How can we describe that, which on the surface of it, doesn’t stand out, impress, or in any way call attention to itself? I’m talking about a length of Suburban High Street east of Ilford
How can we describe that, which on the surface of it, doesn’t stand out, impress, or in any way call attention to itself?
That, which appears most average and ordinary? When even to describe it as mundane is an exaggeration that credits it with a kind of cosmic universality?
I’m talking about a length of Suburban High Street east of Ilford. This isn’t a kitsch suburbia of garden gnomes and metroland ennui, but a diverse, subtly complicated, hard-working stretch of the city, with little veneer or polish over its worn-out everydayness.
Through sketches of certain buildings and blocks, I am trying to get insight into what the Suburban High Street is actually made of. After all, it is possibly our most enduring piece of social and physical infrastructure, and the very backbone of our city’s urban grain. What constitutes this largely un-designed physical fabric? What needs does it answer, given that most of London is built around it? What role should design play in its ongoing evolution? And what future potential does it hold?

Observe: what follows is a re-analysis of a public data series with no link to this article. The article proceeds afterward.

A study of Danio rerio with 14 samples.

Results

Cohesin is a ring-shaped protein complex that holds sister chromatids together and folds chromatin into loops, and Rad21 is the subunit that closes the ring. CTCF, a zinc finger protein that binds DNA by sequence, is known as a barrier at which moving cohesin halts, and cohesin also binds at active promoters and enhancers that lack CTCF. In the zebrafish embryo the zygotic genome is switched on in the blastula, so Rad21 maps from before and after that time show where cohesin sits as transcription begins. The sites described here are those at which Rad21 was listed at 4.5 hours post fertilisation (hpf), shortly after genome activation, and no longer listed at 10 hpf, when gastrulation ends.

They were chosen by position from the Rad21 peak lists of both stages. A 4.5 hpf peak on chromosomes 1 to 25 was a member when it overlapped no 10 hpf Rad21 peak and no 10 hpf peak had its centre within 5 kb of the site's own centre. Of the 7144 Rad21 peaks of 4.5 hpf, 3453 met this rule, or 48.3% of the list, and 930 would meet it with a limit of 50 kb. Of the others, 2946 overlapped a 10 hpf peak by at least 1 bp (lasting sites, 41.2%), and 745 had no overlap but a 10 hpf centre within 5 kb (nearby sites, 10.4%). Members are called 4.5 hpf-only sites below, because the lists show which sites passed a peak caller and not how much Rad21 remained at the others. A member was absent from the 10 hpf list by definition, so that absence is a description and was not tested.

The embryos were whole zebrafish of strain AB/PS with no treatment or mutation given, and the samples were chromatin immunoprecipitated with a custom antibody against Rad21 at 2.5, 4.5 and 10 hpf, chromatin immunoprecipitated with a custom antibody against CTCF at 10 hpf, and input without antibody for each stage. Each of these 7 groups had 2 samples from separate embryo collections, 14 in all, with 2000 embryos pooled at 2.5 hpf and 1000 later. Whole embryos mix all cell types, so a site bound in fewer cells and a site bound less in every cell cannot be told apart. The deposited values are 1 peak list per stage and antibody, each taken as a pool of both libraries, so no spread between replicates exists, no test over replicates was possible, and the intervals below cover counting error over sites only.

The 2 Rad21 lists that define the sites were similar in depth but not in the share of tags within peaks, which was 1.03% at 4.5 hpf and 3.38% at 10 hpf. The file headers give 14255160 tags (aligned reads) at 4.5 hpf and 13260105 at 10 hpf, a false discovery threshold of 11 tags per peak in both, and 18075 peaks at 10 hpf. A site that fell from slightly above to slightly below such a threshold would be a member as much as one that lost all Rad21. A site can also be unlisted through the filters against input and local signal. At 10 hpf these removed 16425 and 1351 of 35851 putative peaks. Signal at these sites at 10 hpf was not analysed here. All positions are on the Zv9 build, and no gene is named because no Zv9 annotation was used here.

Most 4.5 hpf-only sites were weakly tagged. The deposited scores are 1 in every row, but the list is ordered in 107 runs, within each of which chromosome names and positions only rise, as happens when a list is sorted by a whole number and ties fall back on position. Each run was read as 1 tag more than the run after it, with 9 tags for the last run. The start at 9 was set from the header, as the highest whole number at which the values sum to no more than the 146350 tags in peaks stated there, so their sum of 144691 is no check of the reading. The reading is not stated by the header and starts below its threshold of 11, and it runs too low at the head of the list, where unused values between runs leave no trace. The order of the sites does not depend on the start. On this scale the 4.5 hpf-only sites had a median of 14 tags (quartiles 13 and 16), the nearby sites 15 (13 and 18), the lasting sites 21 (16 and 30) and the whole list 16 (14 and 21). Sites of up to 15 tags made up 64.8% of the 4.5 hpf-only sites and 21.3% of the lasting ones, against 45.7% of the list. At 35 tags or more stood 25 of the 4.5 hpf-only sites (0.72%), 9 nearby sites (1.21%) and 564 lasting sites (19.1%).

The London Borough of Redbridge (LBR) has recognised that the stretch of Roman Road between Ilford and Chadwell Heath (which once formed part of a Roman ‘high street’ stretching from Whitechapel to Colchester) could do with some design direction.
My time with DfL will run parallel, or maybe tangentially, to a live urban design commission for that area, led by LBR and guided by DfL. That study aims to lift ambitions for individual developments along the street, and improve the streetscape as a whole, in the light of ongoing socio-economic changes. Alongside the consultant team I hope to inform the process, to learn about the possibilities for implementation, and to generate something that could have relevance beyond a singular area.